How to Preview PowerShell Scripts In PowerShell
Q: When I use Windows Explorer and select a PowerShell script file – I do not see the script in the preview window. Can I fix that?
A: You can make a few simple registry updates and do just what you want!
At some time in the deep and distant past, Windows Explorer gained the preview pane feature. The idea is simple: you select a file in Explorer and Windows shows you a preview of the file in a separate pane. I love this feature, although when clicking on a Word document, it could take a few moments before I could view. And if you are viewing a file, it was “open” and you could not delete it in a separate window! A great feature albeit with some minor side effects – so it makes sense that this is turned off by default. But you can easily turn it back on!
Microsoft PowerToys to the rescue??
You can use Microsoft’s Power Toys for Windows to enable Explorer to preview more file types. I love these tools – and have them installed on my computers. Sadly, PowerToys currently does not enable previewing of PowerShell files.
Enabling Preview in Windows Explorer
As I mentioned above, file preview within Windows Explorer is disabled by default. To turn this on, use Explorer’s View menu and select preview. I leave the details of how to set this up as an exercise for the user. As a small aside, this setting gets reset each time you upgrade Windows – as a Windows Insider, I have to reset this with each new build I take. 🙁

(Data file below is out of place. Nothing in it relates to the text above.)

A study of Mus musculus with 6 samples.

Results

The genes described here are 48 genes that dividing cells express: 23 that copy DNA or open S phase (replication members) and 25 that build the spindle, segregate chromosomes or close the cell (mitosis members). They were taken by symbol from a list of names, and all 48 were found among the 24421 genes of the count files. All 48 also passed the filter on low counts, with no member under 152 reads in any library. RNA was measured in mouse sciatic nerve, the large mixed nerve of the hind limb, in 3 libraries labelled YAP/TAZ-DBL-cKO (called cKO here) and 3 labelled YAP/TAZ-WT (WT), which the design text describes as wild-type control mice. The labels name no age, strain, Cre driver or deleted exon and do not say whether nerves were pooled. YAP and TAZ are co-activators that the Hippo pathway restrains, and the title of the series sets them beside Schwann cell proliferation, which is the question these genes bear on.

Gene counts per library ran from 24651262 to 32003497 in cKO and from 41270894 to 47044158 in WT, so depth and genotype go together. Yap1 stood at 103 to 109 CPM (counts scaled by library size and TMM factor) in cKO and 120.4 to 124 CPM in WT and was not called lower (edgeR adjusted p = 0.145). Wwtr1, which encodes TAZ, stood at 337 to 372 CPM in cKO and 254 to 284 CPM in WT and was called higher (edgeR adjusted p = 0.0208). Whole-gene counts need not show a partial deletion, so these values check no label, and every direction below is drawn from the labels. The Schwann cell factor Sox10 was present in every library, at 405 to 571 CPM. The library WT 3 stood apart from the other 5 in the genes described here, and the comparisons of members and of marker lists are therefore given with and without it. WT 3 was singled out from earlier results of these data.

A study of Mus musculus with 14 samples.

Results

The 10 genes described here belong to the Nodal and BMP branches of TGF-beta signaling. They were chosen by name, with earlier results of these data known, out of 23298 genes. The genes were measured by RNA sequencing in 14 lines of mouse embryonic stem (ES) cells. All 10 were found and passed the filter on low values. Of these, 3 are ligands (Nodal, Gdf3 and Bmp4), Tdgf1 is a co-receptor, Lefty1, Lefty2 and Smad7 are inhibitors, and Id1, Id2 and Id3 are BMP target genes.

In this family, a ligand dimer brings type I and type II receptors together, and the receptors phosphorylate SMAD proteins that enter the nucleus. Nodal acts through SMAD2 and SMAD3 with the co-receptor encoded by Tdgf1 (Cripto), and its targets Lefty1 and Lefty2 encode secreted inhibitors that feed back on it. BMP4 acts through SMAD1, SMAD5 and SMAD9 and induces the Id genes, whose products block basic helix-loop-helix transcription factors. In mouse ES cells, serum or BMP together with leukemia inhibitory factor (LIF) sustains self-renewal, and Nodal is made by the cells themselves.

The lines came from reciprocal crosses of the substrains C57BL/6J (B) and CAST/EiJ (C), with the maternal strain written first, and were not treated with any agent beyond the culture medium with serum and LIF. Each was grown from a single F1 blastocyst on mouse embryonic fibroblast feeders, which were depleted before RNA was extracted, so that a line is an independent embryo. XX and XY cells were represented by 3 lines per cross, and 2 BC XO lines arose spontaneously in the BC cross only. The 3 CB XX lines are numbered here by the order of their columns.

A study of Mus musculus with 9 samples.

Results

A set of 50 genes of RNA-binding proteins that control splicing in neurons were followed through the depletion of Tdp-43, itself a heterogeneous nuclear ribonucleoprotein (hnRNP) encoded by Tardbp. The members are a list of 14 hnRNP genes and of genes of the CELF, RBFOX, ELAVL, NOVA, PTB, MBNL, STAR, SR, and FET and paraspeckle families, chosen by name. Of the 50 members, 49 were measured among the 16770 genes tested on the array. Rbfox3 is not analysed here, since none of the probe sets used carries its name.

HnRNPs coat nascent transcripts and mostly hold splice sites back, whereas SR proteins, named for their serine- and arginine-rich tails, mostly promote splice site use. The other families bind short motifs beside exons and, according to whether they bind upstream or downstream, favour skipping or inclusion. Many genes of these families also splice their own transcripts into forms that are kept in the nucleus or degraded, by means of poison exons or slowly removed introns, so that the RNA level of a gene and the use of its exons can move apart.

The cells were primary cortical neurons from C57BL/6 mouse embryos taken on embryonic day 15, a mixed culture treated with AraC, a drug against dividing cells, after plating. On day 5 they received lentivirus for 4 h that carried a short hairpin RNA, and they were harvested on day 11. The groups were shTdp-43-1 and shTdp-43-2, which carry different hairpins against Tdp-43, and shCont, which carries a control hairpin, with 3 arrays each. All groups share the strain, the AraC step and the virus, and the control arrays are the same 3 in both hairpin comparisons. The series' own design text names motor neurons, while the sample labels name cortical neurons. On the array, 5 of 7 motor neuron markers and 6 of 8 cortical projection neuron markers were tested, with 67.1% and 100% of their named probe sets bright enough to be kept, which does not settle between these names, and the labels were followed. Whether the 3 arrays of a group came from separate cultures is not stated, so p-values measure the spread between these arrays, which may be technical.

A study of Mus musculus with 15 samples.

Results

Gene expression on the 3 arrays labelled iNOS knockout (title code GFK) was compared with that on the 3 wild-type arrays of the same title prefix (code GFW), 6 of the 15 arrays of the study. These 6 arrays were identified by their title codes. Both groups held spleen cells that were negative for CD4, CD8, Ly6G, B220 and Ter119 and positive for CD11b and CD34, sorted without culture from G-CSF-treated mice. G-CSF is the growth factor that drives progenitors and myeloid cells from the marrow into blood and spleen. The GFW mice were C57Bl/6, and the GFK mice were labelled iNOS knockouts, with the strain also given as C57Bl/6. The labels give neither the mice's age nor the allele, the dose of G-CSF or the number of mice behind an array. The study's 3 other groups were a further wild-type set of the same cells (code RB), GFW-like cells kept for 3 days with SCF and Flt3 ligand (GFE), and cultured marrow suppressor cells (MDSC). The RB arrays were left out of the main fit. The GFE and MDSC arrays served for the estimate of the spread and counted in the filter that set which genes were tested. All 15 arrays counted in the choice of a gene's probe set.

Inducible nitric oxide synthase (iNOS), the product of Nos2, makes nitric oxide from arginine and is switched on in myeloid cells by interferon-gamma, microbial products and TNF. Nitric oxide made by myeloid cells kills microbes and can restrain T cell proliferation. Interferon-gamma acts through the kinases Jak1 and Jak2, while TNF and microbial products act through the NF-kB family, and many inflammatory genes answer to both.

Enabling Preview of .PS1/.PSD1/.PSM1 files
Once you enable preview mode in Explorer as shown above, when you select a
.PS1 file – you see something like this:
There is currently no mechanism in Explorer to change the list of file types to be displayed. Fortunately, there is a straightforward mechanism that involves setting a registry key value. To enable Explorer to display the relevant files, you can use the following script fragment:
# Set path variables for PowerShell file types $Path1 = 'Registry::HKEY_CLASSES_ROOT\.ps1' $Path2 = 'Registry::HKEY_CLASSES_ROOT\.psm1' $Path3 = 'Registry::HKEY_CLASSES_ROOT\.psd1' # Enable preview of those file types New-ItemProperty -Path $Path1 -Name PerceivedType -PropertyType String -Value 'text' New-ItemProperty -Path $Path2 -Name PerceivedType -PropertyType String -Value 'text' New-ItemProperty -Path $Path3 -Name PerceivedType -PropertyType String -Value 'text'
Once you run this script, Explorer displays the script file, Explorer now looks like this:
That’s it – a small change to the registry and I can now preview PowerShell files. Very handy!